1. #1
    Senior Member Tony B's Avatar
    Join Date
    Jul 2012
    NE Alabama - Tennessee River

    Sail vs. Power

    In our previous life we were Coastal and Open Water sailboat cruisers, mostly on the Gulf of Mexico and some Atlantic. Planning a trip was very easy. Across open water, just run a rhumb line from Point A to Point B and go non-stop. On coastal cruising from Tx. to Fl., just look along the beach areas, watch your depth finder and drop an anchor wherever you want. Life was simple.

    From our recent inland river experience over the past 1100 river miles from Tx. to Alabama and then northward to the Tennessee River, we found inland rivers have there own set of challenges. Planning and vigilance are the key words of the day. You just cant drop anchor anywhere.

    This is not to say that one is better than the other, just different.

    I love the water any way I can get it.
    Houseboater at Heart
    1986 Mainship 36 Dual Cabin Pointed Ended House Boat

  2. #2
    Senior Member Amelia's Avatar
    Join Date
    Feb 2007
    Edenton, NC
    As a long-time, long-ago die-hard sailor, I wistfully read your account, and enjoyed the different perspective. Guess those days of rag-bagging it are gone, but fondly remembered.

  3. #3
    Junior Member
    Join Date
    Nov 2014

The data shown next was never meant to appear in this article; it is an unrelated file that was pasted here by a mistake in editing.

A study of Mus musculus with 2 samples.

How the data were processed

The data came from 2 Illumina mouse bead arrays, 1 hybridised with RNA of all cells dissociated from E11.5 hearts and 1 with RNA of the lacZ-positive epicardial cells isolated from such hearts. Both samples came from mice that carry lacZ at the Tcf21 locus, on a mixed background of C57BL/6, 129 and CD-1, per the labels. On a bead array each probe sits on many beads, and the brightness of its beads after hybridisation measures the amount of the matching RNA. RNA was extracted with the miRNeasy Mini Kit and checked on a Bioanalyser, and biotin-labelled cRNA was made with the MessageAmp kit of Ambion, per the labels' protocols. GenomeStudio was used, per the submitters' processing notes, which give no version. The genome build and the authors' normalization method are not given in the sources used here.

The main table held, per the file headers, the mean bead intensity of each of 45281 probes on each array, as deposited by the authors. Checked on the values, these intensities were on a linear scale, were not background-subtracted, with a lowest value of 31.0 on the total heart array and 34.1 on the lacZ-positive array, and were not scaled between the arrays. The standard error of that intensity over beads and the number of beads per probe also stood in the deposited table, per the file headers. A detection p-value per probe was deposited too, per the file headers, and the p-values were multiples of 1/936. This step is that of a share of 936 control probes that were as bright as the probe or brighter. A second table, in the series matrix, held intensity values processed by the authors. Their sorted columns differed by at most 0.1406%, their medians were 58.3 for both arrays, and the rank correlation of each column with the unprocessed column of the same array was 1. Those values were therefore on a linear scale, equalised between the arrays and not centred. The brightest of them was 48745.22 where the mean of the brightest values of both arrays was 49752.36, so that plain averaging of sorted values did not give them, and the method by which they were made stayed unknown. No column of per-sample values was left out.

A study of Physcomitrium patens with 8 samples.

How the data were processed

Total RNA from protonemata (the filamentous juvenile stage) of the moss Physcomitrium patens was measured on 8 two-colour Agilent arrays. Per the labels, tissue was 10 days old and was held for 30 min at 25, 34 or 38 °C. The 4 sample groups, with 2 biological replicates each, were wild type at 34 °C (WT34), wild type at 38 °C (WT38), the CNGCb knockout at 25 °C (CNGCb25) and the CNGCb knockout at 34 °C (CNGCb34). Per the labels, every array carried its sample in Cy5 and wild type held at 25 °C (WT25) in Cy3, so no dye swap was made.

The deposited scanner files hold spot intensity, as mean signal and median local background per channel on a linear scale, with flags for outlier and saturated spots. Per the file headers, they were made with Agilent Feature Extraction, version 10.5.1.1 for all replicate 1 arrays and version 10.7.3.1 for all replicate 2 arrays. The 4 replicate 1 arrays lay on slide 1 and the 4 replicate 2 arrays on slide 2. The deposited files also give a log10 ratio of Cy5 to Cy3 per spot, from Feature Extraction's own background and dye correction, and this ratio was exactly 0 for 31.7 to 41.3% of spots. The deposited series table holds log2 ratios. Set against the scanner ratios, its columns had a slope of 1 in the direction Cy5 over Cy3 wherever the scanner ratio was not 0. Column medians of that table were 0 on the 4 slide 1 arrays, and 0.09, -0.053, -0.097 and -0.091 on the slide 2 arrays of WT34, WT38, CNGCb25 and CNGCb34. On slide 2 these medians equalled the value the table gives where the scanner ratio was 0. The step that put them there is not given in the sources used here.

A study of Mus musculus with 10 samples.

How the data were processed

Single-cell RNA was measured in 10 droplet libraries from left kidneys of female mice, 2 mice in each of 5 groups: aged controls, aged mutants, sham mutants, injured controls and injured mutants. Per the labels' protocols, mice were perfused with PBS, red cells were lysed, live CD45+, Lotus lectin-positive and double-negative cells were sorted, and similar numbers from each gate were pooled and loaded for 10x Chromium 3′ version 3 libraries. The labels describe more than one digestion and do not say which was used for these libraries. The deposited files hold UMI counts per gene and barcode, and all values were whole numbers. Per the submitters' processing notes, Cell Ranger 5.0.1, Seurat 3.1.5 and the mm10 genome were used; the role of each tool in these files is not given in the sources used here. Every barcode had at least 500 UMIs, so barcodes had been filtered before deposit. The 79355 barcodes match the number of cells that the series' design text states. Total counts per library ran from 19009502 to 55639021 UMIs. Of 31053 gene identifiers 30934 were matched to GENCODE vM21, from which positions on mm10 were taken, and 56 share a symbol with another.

I lived on Watkins 27 sailboat for 2 years, and that was the best time I had. I am not a sailor, but did motored a lot along Saint Johns river and inter-coastal (FL-GA). Now, I live on power boat while fixing my houseboat. My recent experience with sailboat told me to "stick" with shallow draft boats. 3 weeks ago, me and my friend, were moving Hunter 33 sailboat from St.Marys,GA to Green Cove Springs,fl. 4 days of adventure. In 3rd day of traveling - it was getting dark, so we decided to "drop the anchor" for the night. With all the excitements, we did not paid attention to the tide. 2 hours latter, the boat started to heel on starboard side - we were sitting in a mud. Hour latter, the rails were touching the river. After 4 long hours of freaking up, the tide come back and lift the boat - off we go. Advantage of a sailboat: free propulsion ( when available), 2hp outboard will push a boat (done that), open ocean. Disadvantage: wait for the "right" wind, long "stick" that restrict movement of inland waters ( low bridges) and lighting rod that can sink the boat ( I have seen that happen few times). Crampy places with narrow passages. Low visibility from inside the boat. I like the houseboat more.